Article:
I was only three months old at the time, but at least I can say a miracle occurred in my lifetime! Forty-six years ago, between June 5-10, 1967, Israel won a decisive land war which became known as The Six Day War. Against all odds, Israel defeated the armies of Egypt, Jordan and Syria despite being outnumbered and outgunned. In the course of the war, the divided city of Jerusalem which had a row of barbed wire separating the east from the west side of the city, was re-united under Jewish sovereignty. The paratroopers who redeemed the Western Wall and the Temple Mount famously and excitedly declared, “The Temple Mount is in our hands! The Temple Mount is in our hands!” Israel’s Chief Rabbi, Shlomo Goren, sounded the shofar (ram’s horn) and recited the memorial prayer at the Western Wall for the soldiers who had given their lives in the war effort. It was a miracle unfolding in front of the eyes of the world. We had come home to Jerusalem, the eternal capital of the Jewish people.
There is a lot to write about when it comes to the Six Day War. I will leave the facts of the war to someone else and instead try to bring you into a world perspective that you may be unfamiliar with.
The Six Day War must be put into context. For that, we must go back nearly 2000 years in history when we, the Jewish people, were forcibly exiled from our homeland. The Temple, the crown jewel of Jerusalem, was destroyed thus ending the more than four hundred year period that the Temple stood and began a long exile that in small measure came to an end in 1948 with the establishment of the modern State of Israel.
Throughout the long exile the concept of the “wandering Jew” became the standard in the world. There is not a single country in Europe that Jews were not forcibly cast out of. Interestingly, when Shakespeare wrote The Merchant of Venice and introduced the Jewish character Shylock, Jews had not been living in England for nearly three hundred years! It is likely that Shakespeare had never met an actual Jew in person yet he created a stereotypical, anti-Semitic caricature of a Jew in his tale.
While away from our homeland and bouncing from country to country, we suffered harsh treatment at the hands of many. While the specifics are too numerous to elaborate upon, we experienced physical attacks, murder, religious persecution, forced conversions, ghettoization, demonization--- all culminating in the murder of six million Jews at the hands of the Nazi’s in World War II.
Can you imagine the impact that the exile had on the Jewish people? One result was that Jews in public hid their religion. It was not safe to walk the streets openly as a Jew, to identify oneself by wearing a yarmulke (skull cap) or any other Jewish item could put you at risk. Throughout the two thousand year exile it was good policy to lay low and try to go unnoticed. This was even true of the United States. Many Jews while walking the streets would wear a cap to cover their yarmulke.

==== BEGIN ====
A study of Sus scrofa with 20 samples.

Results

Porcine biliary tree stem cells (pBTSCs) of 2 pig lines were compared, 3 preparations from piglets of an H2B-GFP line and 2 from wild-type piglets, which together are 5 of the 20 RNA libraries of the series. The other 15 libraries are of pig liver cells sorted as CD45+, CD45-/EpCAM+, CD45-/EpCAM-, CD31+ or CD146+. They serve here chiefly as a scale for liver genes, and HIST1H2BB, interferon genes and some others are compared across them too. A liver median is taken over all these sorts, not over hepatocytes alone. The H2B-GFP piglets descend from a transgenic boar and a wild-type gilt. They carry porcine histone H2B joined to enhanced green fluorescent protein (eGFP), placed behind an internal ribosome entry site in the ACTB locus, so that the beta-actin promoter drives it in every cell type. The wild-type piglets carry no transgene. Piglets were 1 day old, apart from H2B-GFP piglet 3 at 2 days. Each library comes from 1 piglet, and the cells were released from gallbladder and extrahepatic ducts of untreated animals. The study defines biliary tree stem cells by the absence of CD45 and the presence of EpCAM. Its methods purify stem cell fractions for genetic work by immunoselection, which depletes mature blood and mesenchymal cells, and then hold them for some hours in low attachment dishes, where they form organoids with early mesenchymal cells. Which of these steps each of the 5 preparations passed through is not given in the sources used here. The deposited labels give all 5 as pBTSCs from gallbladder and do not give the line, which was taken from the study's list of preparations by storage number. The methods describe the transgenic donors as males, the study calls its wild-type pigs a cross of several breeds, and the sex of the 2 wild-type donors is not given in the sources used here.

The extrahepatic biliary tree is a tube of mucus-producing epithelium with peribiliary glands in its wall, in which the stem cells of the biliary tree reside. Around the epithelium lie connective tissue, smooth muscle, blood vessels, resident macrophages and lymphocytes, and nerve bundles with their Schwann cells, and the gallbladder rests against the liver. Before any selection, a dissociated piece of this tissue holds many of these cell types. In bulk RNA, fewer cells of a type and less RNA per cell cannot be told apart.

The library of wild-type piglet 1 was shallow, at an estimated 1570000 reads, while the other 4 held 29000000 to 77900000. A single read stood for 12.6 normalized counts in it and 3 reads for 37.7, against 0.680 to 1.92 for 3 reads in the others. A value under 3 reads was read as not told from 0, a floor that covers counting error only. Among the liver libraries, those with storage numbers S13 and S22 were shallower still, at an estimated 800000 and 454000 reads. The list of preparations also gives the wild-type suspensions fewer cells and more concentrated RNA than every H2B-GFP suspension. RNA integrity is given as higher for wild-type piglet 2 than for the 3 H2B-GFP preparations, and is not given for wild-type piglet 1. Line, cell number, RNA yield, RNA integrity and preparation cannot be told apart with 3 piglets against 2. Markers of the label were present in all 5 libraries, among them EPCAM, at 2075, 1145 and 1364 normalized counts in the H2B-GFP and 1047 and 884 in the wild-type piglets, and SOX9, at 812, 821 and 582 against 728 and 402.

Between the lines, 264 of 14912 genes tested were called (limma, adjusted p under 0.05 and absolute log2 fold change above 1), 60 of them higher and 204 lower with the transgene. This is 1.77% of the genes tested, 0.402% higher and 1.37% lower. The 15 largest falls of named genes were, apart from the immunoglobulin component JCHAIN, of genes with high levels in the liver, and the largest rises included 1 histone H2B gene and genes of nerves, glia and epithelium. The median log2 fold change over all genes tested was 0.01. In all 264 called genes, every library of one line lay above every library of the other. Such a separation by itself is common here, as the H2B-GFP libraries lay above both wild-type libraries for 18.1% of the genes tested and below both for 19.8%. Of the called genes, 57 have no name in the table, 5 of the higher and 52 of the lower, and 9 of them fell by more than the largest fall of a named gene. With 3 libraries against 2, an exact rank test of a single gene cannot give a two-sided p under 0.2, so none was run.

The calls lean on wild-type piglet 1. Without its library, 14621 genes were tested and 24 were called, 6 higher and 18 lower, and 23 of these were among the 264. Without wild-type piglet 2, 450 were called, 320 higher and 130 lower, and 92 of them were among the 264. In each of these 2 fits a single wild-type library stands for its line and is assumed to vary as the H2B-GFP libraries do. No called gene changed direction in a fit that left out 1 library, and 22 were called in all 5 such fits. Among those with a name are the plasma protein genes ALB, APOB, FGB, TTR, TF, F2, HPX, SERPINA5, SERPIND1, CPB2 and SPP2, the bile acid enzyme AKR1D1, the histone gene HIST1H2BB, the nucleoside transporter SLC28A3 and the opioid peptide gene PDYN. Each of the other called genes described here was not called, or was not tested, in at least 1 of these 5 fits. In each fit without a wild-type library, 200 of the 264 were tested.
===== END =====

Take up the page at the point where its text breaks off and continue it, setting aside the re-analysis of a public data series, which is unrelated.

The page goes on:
All of that changed after the Six Day War with the stunning, dramatic victory by the Israel Defense Forces over the combined armies of Egypt, Jordan and Syria. The world was in shock. With the boasts of the Arab world that they would “drive the Jews in to the sea” Israel and the worldwide Jewish population had prepared for the worst. Graves were dug in parks in expectation of mass casualties. Phrases like “another Holocaust” were being thrown around. The situation was beyond tense. Yet all of that ended in six short days with Israel nearly tripling the size of her territory by driving Syria off of the Golan Heights, the Jordanians from Judaea and Samaria, and Egypt from the Sinai. Jerusalem was once again united under Jewish sovereignty for the first time in nearly two thousand years. It was an open miracle, no question.
Suddenly Jews in NY and the world over walked with their heads high and yarmulkes showing. They identified publicly as Jews and were proud to be connected to the State of Israel who had gained the world’s respect as the David who defeated Goliath.
So the Six Day War was far greater than another battle in the Arab-Israel conflict. It was a miraculous restoration of an ancient city and revival of the spirit of an ancient people. We have not looked back since and continue to stand tall and proud as we live the miracle that the Prophets had predicted so many years ago of the Jewish return. While things are not yet perfect as we are still awaiting the final redemption, we are home.
It has a nice ring to it. Home. This time we are not going anywhere.